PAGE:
Why Do Catholic Churches Have Stained Glass Windows?

Almost any Catholic Church you come across has stained glass windows. Especially the older churches can have use windows that are a true sight to behold.

But why do so many Catholic churches have stained glass windows?

Let’s look at the 5 most common reasons!

stained glass window in catholic church

1. Telling a story

The main purpose of these beautiful stained glass windows was to educate the people. Back in the old days, only very few people know how to read or write.

So in order to convey the story of Christ in a way that anyone could understand, the Catholic Church decided to invest in art, including stained glass windows.

And apparently it worked!

Even to this day, centuries later, people still marvel at the sigh of these stained glass windows and wonder about the meaning behind them. At least, that’s why you are reading this article, right?

This is what pope John Paul II stated about the use of art to spread the gospel:

“The Church needs art. In order to communicate the message entrusted to her by Christ, the Church needs art. Art must make perceptible, and as far as possible attractive, the world of the spirit, of the invisible, of God. It must therefore translate into meaningful terms that which is in itself ineffable. Art has a unique capacity to take one or another facet of the message and translate it into colors, shapes, and sounds which nourish the intuition of those who look or listen. It does so without emptying the message itself of its transcendent value and its aura of mystery.”

2. Relationship between light and religion

In many religions, light has an important rule. It often represents the divine, spirituality, genesis, or purity.

So it’s only natural that the importance of light is incorporated into the design of the church itself. And many of the churches with Gothic architecture have large stained glass windows that can cover almost the entire wall.

And over the years, each color that you see in stained glass windows has received its own meaning.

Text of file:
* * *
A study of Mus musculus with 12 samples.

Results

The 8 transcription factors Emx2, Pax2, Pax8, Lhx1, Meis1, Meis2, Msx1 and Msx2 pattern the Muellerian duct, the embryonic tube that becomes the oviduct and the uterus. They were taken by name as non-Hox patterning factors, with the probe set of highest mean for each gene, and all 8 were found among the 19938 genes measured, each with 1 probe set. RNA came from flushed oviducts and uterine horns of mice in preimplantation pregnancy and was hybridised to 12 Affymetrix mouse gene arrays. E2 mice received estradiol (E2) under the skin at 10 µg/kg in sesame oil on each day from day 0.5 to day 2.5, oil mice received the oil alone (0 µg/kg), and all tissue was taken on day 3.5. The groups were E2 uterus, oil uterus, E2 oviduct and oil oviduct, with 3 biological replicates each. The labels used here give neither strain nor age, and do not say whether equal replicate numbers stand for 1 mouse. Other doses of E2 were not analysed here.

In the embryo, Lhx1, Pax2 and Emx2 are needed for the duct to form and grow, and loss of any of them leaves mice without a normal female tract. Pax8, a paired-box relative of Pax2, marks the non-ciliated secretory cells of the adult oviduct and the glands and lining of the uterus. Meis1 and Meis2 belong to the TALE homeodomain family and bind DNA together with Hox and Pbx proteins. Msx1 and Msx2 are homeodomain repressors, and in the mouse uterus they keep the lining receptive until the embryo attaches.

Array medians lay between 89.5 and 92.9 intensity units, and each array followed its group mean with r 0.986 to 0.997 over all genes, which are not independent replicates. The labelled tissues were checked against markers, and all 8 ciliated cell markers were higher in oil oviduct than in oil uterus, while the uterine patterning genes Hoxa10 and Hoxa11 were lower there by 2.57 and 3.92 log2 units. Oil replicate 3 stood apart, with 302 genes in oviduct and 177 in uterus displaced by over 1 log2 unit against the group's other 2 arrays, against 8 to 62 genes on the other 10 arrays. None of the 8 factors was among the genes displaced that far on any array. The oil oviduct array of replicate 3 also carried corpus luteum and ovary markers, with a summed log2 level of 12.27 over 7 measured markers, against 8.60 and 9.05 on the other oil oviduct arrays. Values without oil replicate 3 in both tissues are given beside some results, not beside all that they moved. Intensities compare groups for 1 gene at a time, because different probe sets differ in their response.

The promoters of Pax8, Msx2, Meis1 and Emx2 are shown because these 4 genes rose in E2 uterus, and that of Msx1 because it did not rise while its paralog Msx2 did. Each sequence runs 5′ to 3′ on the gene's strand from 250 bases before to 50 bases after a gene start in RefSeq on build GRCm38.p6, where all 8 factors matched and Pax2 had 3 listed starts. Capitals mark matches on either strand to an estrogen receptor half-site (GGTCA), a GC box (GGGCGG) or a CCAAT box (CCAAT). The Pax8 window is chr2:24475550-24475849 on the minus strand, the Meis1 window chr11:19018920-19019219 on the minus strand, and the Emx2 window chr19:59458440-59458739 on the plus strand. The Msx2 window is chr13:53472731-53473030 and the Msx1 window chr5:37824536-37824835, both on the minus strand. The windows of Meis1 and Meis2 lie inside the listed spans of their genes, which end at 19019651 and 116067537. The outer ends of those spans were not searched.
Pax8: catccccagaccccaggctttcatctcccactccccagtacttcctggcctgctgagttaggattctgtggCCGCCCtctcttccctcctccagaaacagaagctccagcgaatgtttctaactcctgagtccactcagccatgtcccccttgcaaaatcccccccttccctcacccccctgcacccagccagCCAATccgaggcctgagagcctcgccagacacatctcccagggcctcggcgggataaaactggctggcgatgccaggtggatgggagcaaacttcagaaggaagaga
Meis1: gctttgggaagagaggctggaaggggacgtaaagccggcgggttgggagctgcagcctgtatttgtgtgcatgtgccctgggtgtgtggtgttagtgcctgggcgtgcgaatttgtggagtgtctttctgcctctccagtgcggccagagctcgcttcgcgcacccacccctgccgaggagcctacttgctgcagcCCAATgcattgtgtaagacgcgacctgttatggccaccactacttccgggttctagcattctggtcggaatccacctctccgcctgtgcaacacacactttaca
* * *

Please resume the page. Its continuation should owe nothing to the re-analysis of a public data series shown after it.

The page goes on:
3. Architectural limitations

Many Catholic churches are built in the well-known gothic style. This means that many of the windows are extremely large and can have unique shapes.

Over the years, these windows great bigger and bigger. But that also meant that it became more and more difficult to fill them with glass.

It became necessary to divide the large windows into smaller windows, just to support the weight of all that glass.

4. Receiving donations

Building a large church with or without stained glass has always been incredibly expensive.

In return for a substantial donation, patrons could get their names etched onto the bottom of the glass windows.

Extremely generous donations sometimes even resulted in the patron himself being incorporated into the stained glass window.

So the stained glass windows were also used to partially finance the cost of building the church.

5. Tourism

A famous cathedral or church can attract hundreds of thousands of tourists to even a relatively remote, small village.

Although attracting pilgrims and tourists was maybe not the most important design consideration when most churches were originally built, it definitely plays a major factor in modern churches.

It’s also why so many city officials are eager to financially help the church out if one of the stained glass windows need to be renovated or replaced.

Making your own stained glass windows

Are you inspired by the beauty of these Catholic stained glass windows?

Then why not try making a small stained glass window by yourself? Making art from stained glass is becoming more and more popular as a hobby.

All you need to start is one of these stained glass starter kits.